One point of contention in the North Carolina tax reform debate has been the fate of one particular tax expenditure—the uncapped sales tax refund for nonprofits. The refund applies to "sales of taxable tangible personal...
- New Congress Should Call Truce on Tax Credits
New Congress Should Call Truce on Tax Credits
(The following commentary appeared in the Winter 2007 issue of Tax Watch.)
After watching Republicans' humiliation over "earmarked" pork-barrel projects like the "Bridge to Nowhere," the new Democratic majority has promised to cut earmarks and make the practice more transparent. But while they're fixing the spending process, they'd do well to call a truce on tax credits aimed at achieving social, political, or economic goals through the tax code as well.
Special tax breaks may not have the sexy appeal of "Fleecing of America," but they are a major factor contributing to the Byzantine complexity of the tax code. Moreover, they steer private resources in the direction that politicians favor, rather than the marketplace. And by carving up the tax base, they force up tax rates on the rest of us, and serve as a roadblock to fundamental tax reform.
The outgoing Republican majority enacted many sound tax provisions since taking control of Congress in 1995, such as reduced capital gains, dividend, and personal income tax rates. But they also enacted some very poor tax measures.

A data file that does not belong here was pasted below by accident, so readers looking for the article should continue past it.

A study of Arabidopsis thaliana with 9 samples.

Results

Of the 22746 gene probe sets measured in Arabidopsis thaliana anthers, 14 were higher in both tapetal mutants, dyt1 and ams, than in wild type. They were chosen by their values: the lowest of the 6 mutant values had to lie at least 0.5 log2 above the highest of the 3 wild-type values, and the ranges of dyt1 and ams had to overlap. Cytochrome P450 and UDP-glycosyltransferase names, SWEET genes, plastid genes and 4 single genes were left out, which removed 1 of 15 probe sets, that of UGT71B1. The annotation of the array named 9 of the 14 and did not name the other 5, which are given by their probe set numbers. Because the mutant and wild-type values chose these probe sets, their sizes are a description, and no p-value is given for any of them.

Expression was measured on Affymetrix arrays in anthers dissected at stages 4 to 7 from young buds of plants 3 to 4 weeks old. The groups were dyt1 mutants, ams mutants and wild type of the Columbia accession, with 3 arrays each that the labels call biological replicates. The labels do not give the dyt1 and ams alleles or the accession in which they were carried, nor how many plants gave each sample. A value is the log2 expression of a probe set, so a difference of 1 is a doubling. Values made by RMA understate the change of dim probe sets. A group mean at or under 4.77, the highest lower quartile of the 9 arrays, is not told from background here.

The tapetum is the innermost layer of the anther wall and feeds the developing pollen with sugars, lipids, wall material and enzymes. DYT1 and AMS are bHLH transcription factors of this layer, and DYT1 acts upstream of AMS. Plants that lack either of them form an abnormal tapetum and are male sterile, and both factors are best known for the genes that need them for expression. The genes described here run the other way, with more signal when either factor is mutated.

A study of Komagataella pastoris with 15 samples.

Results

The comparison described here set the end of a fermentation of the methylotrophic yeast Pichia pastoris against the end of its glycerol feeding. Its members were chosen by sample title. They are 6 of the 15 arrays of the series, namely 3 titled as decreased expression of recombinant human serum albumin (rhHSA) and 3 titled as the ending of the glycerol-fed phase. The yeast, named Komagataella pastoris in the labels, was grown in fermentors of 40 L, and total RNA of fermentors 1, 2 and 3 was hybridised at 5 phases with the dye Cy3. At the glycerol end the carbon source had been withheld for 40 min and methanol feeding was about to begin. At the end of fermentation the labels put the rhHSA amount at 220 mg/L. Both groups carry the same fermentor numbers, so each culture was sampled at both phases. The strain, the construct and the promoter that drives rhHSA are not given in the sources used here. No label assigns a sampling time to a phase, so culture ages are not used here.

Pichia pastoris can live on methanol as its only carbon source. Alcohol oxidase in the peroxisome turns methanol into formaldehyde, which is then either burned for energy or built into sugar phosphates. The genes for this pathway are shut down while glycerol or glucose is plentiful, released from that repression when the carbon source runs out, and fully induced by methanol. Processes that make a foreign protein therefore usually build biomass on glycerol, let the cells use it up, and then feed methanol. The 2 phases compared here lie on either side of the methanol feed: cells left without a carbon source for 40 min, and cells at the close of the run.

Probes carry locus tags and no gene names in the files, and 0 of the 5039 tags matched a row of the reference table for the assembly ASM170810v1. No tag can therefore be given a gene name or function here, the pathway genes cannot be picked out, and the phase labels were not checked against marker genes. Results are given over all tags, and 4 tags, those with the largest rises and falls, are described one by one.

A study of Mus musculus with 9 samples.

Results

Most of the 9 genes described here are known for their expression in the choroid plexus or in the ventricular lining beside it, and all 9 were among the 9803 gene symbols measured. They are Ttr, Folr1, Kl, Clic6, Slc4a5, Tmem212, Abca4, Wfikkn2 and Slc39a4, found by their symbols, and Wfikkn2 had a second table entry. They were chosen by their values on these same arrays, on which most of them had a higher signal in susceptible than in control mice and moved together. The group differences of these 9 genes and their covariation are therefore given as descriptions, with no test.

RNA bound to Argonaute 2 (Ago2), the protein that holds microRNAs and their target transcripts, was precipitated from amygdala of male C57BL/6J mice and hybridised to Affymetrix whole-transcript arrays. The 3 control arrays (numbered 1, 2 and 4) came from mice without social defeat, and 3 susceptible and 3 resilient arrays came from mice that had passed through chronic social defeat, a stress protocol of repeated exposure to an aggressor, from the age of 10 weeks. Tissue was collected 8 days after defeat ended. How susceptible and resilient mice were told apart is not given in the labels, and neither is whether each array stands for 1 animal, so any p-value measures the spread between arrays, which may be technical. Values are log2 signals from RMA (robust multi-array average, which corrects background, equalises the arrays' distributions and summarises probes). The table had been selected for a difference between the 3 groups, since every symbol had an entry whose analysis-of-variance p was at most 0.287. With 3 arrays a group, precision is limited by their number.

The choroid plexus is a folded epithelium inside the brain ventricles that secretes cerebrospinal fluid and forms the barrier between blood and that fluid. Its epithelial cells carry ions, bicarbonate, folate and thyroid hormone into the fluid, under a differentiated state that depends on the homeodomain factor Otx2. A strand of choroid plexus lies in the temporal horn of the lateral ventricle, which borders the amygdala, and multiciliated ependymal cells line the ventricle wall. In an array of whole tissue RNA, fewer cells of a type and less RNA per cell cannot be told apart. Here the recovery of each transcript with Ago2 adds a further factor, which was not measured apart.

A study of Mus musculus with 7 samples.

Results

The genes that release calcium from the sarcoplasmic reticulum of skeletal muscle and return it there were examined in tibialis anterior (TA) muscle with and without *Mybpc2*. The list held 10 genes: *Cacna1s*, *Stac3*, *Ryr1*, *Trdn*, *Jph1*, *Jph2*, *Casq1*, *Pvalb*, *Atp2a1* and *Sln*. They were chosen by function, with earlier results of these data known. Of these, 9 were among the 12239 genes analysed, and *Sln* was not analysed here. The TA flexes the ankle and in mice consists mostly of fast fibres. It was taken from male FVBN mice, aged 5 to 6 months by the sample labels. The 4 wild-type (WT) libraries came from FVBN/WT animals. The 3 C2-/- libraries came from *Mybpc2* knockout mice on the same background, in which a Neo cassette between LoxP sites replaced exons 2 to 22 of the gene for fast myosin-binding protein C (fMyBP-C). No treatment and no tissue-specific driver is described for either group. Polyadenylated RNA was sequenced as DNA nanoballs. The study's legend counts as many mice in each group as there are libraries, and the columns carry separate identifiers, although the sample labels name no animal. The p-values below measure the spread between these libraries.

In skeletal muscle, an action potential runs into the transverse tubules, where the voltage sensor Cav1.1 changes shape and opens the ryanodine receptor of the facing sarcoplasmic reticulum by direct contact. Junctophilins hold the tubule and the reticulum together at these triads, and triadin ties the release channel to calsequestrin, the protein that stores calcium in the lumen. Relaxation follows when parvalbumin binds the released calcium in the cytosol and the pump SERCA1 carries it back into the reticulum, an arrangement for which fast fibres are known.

One of these-the Child Tax Credit-was the centerpiece of the 1994 "Contract with America." Enacted with the best of intentions, the tax credit has knocked millions of taxpayers off the tax rolls and deepened the divide between Americans with "skin in the game" and those without. Today, there are more than 43 million households that file a tax return but have no tax liability after they have taken advantage of all of the credits and deductions available to them. That's a 50 percent increase in the number of "nonpayers" since 2000. And many of these households also receive generous cash benefits back through provisions such as the Earned Income Tax Credit.
Because of growing tax credits, the IRS has become an important component of the modern "welfare state," distributing nearly $50 billion in credits per year.
Republicans have also tried to solve other problems with tax credits. For example, the Energy Policy Act of 2005 authorized $1.65 billion in tax credits for "clean" coal projects. The IRS and Department of Energy recently announced $1 billion in tax credits to just nine companies. A total of 49 companies applied for the credits, but the Department of Energy--rather than the marketplace--determined that just nine winners had the right technology to qualify.
In January, the new Democratic majority will take over with their own laundry list of ways they'd like to use the tax code to achieve various goals, including tax breaks for college tuition, bio-fuels, broadband service, and small business health insurance.
Each of these will certainly be popular with voters and, no doubt, will be well-intended. However, because so many Americans today pay zero federal income taxes, it is unlikely that many of those who are targeted will be able to take advantage of the new credits, unless they're made refundable. And if they are, millions more will be taken off the federal tax rolls, potentially expanding the number of nonpayers to half of the U.S. population. And that simply cannot be good for democracy.
Scott Hodge is the president of the Tax Foundation.